Sunday, 1 March 2015

The Lord Combermere at Audlem

A lovely sunny spring start to St David's Day, our first Sunday ride in March.  



Meeting at the pond, as that was the direction we were heading, the first order of the day was to admire Ray's new bike, with much pointing and oooh-ing.  9 of us left the pond, but numbers were going to get complicated today as some were leaving at coffee, and others were joining at coffee stop...









We set off through the village of Christleton, with the church bells pealing as we went.  A usual straightforward route through Waverton, Huxley and finally to Tiverton before dropping down to the Lockgate Cafe, a first for some in the group, and an old favourite for others.








Despite the sunny weather, it was quite windy, although having it behind you for the start of the day is very deceiving - and with no leaves on the trees it is even harder to see the wind direction.  This flag does show it though!





Huxley

Heading to Tiverton





































Arriving at Lockgate Cafe - still sunny!



















Final full group shot before the Magnificent seven set off for lunch,
and the Fabulous Four set off back towards Chester
I am afraid I had to leave the group, setting off into the headwind for Beeston, so I will wait for someone to fill in the gaps - I believe it involves crackling and sheltering from the hail......

Ray writes:

Small, but amiable bunch set off for the Lord Combermere at Audlem. Uneventful journey through Bunbury etc interrupted only by an enforced stop not far short of Audlem to don waterproofs in a sharp shower.
 

Seven hardy souls took their places at a table in the very warm and pleasant surroundings of the Lord Combermere and there enjoyed the food with only a few very minor issues. The pub was certainly popular on such a windy and wet day.
 





Progress resumed in the still windy, but not rainy conditions, and on the whole the hedgerows were most welcoming windbreaks.
 
It was quickly realised that any chance of reaching the Teddy Bear Cafe at Burwardsley was gone so the route was amended to cut out that section. After passing Faddiley and joining the A49 the group was hit by a sudden and strong hailstorm. This felt much like what I imagine sandblasting the face would feel like, and shelter was sought by Skip Brown Cars at Ridley.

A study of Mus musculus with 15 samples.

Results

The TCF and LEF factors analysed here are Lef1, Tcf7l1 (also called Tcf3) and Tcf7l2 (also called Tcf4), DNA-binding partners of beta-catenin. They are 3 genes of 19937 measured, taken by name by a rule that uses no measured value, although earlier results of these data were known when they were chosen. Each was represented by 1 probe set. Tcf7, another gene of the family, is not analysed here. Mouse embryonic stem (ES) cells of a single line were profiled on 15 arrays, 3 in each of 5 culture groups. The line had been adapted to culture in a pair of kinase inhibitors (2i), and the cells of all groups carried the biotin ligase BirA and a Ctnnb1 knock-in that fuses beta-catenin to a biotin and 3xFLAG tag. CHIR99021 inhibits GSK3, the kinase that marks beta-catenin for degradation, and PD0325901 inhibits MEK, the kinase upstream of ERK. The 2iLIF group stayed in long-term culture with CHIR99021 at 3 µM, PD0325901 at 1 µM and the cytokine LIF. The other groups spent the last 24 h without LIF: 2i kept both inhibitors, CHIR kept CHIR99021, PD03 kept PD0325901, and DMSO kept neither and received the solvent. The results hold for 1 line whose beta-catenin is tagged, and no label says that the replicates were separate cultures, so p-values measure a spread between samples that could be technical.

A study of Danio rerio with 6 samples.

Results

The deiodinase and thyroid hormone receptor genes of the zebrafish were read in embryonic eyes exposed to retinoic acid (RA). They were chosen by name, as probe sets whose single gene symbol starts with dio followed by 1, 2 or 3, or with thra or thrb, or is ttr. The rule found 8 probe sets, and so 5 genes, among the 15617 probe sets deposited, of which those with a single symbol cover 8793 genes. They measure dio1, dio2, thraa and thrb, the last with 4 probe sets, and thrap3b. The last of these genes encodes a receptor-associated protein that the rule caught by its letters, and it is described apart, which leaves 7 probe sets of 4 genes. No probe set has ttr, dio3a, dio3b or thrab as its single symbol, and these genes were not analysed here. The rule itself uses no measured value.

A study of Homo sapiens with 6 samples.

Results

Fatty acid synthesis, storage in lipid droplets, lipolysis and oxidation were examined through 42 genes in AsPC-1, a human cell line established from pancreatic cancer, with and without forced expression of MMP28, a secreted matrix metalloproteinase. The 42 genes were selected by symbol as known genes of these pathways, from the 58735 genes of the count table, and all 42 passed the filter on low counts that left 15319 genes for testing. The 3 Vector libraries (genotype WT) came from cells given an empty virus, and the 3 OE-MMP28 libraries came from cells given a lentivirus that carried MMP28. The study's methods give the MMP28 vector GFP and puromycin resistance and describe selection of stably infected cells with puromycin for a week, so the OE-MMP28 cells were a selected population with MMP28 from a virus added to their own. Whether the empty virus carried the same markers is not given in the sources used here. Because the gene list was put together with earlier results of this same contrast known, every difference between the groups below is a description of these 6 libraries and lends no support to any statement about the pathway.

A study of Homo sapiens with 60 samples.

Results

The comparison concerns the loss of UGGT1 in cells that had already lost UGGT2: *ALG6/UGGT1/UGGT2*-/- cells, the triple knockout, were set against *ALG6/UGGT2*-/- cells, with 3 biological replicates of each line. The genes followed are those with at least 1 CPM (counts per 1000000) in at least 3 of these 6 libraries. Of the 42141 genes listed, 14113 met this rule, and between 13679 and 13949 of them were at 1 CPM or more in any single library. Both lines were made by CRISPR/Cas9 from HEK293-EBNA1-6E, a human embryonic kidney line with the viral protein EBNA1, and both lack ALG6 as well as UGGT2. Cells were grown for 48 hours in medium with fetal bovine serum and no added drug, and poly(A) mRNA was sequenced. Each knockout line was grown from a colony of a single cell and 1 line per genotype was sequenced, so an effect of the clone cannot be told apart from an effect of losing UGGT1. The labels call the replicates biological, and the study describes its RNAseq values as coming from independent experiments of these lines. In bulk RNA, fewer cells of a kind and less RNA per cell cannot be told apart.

The decision was made to make a direct a route back as possible and this involved a short section of the main A49. The cyclist versus motorist issues were once again brought into the spotlight as a range Rover driver saw fit to blindly try and overtake, only to be forced to brake hard in the face of an oncoming car.
 
Back on minor roads we headed past Beeston Castle in the general direction of Tattenhall and decided to chance our luck at the Ice Cream Farm which still appeared quite busy. Unfortunately we were just a bit too late so pressed on.
 
Due to riders dropping off at various points on the route back,  three remained as we reached Christleton. The only issue I had was wet feet that were becoming increasingly cold.
 
It may have been wet, windy and occasionaly more than that, but an hour after arriving home there is immense satisfaction with the days outing and a hot bath is true bliss.
 
The route Christleton and back amounted to 58.54 miles at an average speed of 12mph and an ascending altitude of 2,493 feet.

Paul also added:

Yep, you’re right we did need to stop for waterproofs a mile or so from Audlem. The food was quite exciting as it was presented very well although not quite VFM as I traditionally like, (Value For Money).  It wasn’t raining on our leaving Audlem and the sky was blue for a while until near Beeston at 16:15 when it got nasty for a while but the skies cleared again for my solo effort returning past tarpaulin [Tarporley!] but I arrived home a bit soggy  and cold. It was a marginal day of pleasure as the amount of really cold rain and water on the roads was a little testing of one’s mettle.

Until next time but it was worth it as there are many pleasures to be revisited [ie Cheshire villages we are so used to] which were noted on the way and with Irelands superiority on the field it was just as well to go about some other distraction to make the time worthwhile.